This morning, prerace.
Junior and I set out this morning for the Wild Hog Canoe Race on the Waccasassa River. We raced in the "Parent/Child" division, a new division for the Wild Hog Race.
This race is pretty torturous, with tons of log portages, sharp chemically eroded limerock, and more curves than a Victoria Secrets model ... not that I would know anything about that of course, but I've heard talk ...
The weather was perfect, cool and sunny. We left the starting line at about 9:50 am I guess and finished about 3 hours later. I think the hardest part of the race is that first paddle stroke because your body knows that for the next 3 hours you will be doing that as hard as you can with no stops, except to portage quickly, and no resting.
There is no slacking in the USS Pure Florida during a race!
The last time Junior went with me on this trip, he was a chubbly wubbly sixth grader who was basically amiable ballast. These days he's about 6 feet of lean muscle so I was anxious to see how he would do.
As it turned out, he was an excellent bowman. He paddled hard, portaged quickly, and kept a steady pace. This race is a race against the clock and racers start off in twos with a little time gap between sets. For a long time at first we were alone, except for the mosquitoes feasting on Junior's bare back.
At one point, while paddling and watching him flail at the buzzers, I told him, "Dude, you should see your back, there's nickle sized welts, red with white centers, all over it. I wish I had my camera."
After a while, he fished his soaking wet T-shirt from the water sloshing around in the canoe bottom and put it back on.
The first half of the course is pretty twisty with many, many log portages. About 97% of these are covered with poison ivy. The water is very low right now so logs you once cruised over have become portages.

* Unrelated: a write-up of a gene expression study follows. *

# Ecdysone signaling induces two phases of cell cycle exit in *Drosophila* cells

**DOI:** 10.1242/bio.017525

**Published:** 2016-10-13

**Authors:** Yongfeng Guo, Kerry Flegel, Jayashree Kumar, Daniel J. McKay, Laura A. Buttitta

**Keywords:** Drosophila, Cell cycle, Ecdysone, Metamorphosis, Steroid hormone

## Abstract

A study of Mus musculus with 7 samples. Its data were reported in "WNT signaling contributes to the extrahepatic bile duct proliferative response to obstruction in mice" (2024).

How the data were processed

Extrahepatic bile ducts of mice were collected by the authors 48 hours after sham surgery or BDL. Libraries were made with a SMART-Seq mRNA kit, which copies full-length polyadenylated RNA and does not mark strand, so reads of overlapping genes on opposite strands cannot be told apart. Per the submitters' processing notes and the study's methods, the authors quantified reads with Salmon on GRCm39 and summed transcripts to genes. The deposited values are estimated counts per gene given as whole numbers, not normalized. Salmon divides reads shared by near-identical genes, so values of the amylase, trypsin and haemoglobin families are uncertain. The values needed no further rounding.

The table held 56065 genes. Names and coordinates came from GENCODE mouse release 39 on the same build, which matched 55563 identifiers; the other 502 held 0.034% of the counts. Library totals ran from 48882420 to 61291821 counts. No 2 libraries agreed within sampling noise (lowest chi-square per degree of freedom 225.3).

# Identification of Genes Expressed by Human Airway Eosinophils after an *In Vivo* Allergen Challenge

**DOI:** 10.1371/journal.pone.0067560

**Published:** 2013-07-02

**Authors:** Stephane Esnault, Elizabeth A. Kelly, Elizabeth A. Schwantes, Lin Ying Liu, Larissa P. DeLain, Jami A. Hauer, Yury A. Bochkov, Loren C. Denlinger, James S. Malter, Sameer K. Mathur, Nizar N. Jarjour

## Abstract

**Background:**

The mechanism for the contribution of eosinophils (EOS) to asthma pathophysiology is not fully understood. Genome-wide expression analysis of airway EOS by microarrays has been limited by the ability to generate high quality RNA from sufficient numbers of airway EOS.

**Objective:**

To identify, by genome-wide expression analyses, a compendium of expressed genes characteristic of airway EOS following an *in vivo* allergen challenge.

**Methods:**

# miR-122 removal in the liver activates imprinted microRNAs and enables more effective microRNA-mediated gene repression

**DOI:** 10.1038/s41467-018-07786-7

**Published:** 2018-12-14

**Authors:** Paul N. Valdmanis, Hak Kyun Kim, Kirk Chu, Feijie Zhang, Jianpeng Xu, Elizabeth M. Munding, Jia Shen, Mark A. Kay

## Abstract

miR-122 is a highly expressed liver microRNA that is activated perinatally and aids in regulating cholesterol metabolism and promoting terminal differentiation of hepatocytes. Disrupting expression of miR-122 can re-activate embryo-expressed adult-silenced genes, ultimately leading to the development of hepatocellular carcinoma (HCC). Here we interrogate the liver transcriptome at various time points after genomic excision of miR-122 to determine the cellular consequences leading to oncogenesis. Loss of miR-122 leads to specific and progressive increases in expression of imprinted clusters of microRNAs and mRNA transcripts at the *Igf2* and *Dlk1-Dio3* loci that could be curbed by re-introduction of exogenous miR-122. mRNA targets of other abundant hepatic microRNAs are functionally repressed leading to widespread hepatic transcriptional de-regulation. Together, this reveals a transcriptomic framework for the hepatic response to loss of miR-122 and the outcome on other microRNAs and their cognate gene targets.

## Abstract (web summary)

There is also no current, except over a rocky chute or submerged log. The current today was so negligible, that for all practical purposes, we were paddling a long twisty skinny lake. It's about as wide as a lane on a highway.
The second half of the course is pretty insanely twisty with logs and very sharp limerock eroded into razor blades by natural carbonic acid in the water.
A few kayaks passed us, but after a while we began passing people who had started before us, which was extremely gratifying.
At the end, the river suddenly turns placid and meek looking as you approach the finish line just west of the US-19 bridge. Here, you paddle like a crazy person trying to cut your time in this last moment. At the bridge, you must lift your canoe up and over the log, clamber over the log yourself, get back in your canoe, and paddle across the nearby finish line.
As Junior and I shoved the canoe up and over the log it took off for the finish line without us. Not good ... we have to be in it to finish, so I went after it in the waist deep river like a man in slow motion. I finally made a dive, caught the stern with my finger tips and we jumped in.
In our frantic exhausted state, we skipped all the coordinated movements that we had used on countless portages that day and promptly flipped the canoe.
So we made it to the finish line in a canoe filled with water, but we made it.
In fact, when we left the race finish site, we were in second place for the Parent/Child division. First place was only 9 minutes faster.
I don't know what the final results will be, but it was fun and for a good local charity ... so does it matter?
Well, yes, a little.
Here's four people who earned their, "I survived the Wild Hog Canoe Race" T-shirts and free lunch.
The two green shirt guys are James and Jordan, two of my ex students and part of the wonderful family that produced Corinne, Emma's best bud and college roommate. The white shirt guy is my bowman, Junior and the guy in the blue shirt is ... well you know.
It was a great grueling race and my body is saying, "Dude, you are gonna pay for this tomorrow".
Maybe I can talk it into a nap so it won't be so grouchy and sore tomorrow.